Gonzalez makes the most of his first game; Cubs draft pitcher

                                                                                                                                                                                                   
  • Chicago Cubs' Javier Baez left, celebrates with teammate Carlos Gonzalez right, at home plate after scoring on a Jason Heyward two-RBI double during the sixth inning of a baseball game against the Los Angeles Angels, Monday, June 3, 2019, in Chicago.

    Chicago Cubs' Javier Baez left, celebrates with teammate Carlos Gonzalez right, at home plate after scoring on a Jason Heyward two-RBI double during the sixth inning of a baseball game against the Los Angeles Angels, Monday, June 3, 2019, in Chicago. Associated Press

 
 
Updated 6/3/2019 9:53 PM

The Chicago Cubs wasted no time bringing veteran Carlos Gonzalez up from Class AAA and getting him into the starting lineup.

Gonzalez had his contracted selected from Iowa as the Cubs designated outfielder Jim Adduci for assignment. The Cubs signed Gonzalez to a minor league deal last week after he was let go by the Cleveland Indians.

 

He made a spectacular running catch in the seventh inning of Monday's 8-1 victory over the Los Angeles Angels. He also singled and walked.

"This is a good opportunity for me," he said before the game. "This time of year is when hitters normally get really hot. I hope that's the case for me."

The 33-year-old Gonzalez began his big-league career with Oakland in 2008 but starred with the Colorado Rockies from 2009-18. He hit only .210 in 30 games this year with Cleveland, but he went into Monday with a lifetime line of .285/.343/.502 with 233 home runs.

Gonzalez is a three-time all-star and a three-time Gold Glove winner. He won the batting title in 2010.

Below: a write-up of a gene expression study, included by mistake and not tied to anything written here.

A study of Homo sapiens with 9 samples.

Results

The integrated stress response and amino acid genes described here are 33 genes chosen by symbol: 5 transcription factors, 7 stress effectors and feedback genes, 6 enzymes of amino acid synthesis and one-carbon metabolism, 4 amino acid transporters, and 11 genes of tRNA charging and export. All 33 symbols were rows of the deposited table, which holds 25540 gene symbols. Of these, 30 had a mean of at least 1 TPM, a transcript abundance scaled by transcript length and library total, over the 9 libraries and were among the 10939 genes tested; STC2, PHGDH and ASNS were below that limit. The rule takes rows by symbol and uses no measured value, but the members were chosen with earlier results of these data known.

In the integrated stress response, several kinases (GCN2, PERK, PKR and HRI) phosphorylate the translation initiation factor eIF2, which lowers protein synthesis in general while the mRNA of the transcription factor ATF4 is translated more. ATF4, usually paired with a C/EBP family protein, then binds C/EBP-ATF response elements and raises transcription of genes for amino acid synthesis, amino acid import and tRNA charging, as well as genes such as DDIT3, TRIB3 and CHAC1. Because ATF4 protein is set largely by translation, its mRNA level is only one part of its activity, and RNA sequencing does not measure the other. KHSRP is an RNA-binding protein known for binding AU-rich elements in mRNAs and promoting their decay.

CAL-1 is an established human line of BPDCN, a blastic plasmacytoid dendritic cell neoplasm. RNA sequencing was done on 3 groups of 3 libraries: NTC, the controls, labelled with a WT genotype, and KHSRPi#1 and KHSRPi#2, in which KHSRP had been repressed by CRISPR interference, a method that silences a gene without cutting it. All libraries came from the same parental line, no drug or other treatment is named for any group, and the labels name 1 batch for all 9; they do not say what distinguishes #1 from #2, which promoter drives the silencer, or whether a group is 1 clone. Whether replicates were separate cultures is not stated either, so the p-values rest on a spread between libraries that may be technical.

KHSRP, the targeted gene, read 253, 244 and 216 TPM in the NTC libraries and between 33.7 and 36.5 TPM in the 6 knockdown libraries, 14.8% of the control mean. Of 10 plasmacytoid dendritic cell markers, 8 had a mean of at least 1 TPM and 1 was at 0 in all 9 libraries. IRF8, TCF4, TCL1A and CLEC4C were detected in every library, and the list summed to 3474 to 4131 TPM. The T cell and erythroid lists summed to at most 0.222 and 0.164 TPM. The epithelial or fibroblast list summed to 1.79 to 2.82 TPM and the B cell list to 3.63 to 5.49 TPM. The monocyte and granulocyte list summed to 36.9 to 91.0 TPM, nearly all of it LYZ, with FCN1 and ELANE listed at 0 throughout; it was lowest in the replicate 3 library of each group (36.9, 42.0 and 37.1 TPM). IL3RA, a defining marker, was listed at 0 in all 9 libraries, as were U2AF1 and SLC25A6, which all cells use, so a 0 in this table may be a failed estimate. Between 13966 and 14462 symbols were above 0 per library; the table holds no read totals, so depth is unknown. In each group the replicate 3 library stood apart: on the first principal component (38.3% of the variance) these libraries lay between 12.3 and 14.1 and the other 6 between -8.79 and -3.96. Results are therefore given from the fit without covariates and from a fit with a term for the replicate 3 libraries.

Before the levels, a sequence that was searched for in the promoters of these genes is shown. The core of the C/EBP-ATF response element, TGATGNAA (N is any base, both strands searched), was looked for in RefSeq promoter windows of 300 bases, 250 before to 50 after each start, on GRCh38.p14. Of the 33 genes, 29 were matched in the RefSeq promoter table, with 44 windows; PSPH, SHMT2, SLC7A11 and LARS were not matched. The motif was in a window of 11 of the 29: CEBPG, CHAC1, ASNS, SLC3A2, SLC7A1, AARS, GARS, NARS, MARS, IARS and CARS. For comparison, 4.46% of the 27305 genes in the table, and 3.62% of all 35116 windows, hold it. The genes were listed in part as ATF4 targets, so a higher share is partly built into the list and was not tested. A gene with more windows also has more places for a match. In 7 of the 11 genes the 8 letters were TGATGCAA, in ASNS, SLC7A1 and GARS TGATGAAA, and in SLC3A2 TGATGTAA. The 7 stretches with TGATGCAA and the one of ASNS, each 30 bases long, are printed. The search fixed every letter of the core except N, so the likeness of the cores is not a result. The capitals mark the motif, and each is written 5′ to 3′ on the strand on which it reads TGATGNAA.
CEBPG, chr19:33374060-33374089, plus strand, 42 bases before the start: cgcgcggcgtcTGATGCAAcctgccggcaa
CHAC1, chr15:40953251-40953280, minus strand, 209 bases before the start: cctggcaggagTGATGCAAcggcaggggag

"I feel strong; physically, I feel good," he said. "The past two years the numbers have not been the same as everybody was used to -- the .300-plus, the 30-plus (home runs). That just shows baseball is a lot of ups and downs.

"But I'm positive there is a lot of baseball ahead of me. That's where I want to be. I want to be able to help a club win ballgames, and this is a good opportunity for me."


"I noticed there was something about the team that I hadn't seen in the past," he said. "We (the Rockies) took advantage of that. It was a really good game. We went in extras (13 innings) and we end up winning the game, and I think a lot of that is because they seemed like they were a little down because of their struggles at the end of the year.

"As an opponent, you always notice that. We knew they were slumping, we knew they were limping. They finished (by) losing the division at the end of the year. It just seemed like they were down. You never want to show that to an opponent. That's exactly what we did; we took advantage of it."

It just so happens Gonzalez will face the Rockies this week at Wrigley Field and next week at Coors Field.

Surprise draft pick?

The Cubs selected right-handed fastball pitcher Ryan Jensen out of Fresno State with the 27th overall pick in the first round of Monday's amateur draft.

                                                                                                                                                                                                                       
 

The 6-foot, 180-pound Jensen was ranked 99th overall by mlb.com and 109th by Baseball America. Jason McLeod, the Cubs' scouting and player-development chief, talked of Jensen's athleticism, physicality and velocity as traits the Cubs valued, despite the outside rankings.

"We knew going into the selection we were going to make that it was going to be a surprise, at least to the draft experts -- quote, unquote experts if you will," McLeod said. "We saw this guy wire this year. We knew that someone would say, 'Wow, this is where he was ranked.' The funny thing is after they said, that, two or three picks behind us, Houston a took a catcher that was ranked 170th or something by Baseball America. Pretty smart front office there. We understand it, but at the same time, we trust in our process."

Jensen, 21, went 12-1 with a 2.88 ERA in 16 games this year, striking out 107 and walking 27 in 100 innings.

Soon for Strop:

Relief pitcher Pedro Strop is back in town after making a rehab stint at Iowa. He has been on the injured list since May 7 with a left-hamstring strain. The Cubs have not yet activated him but that's likely to come later this week.

Strop is the backup closer to Brandon Morrow, who has not pitched since before last year's all-star break and who remains on the IL after last fall's elbow cleanup.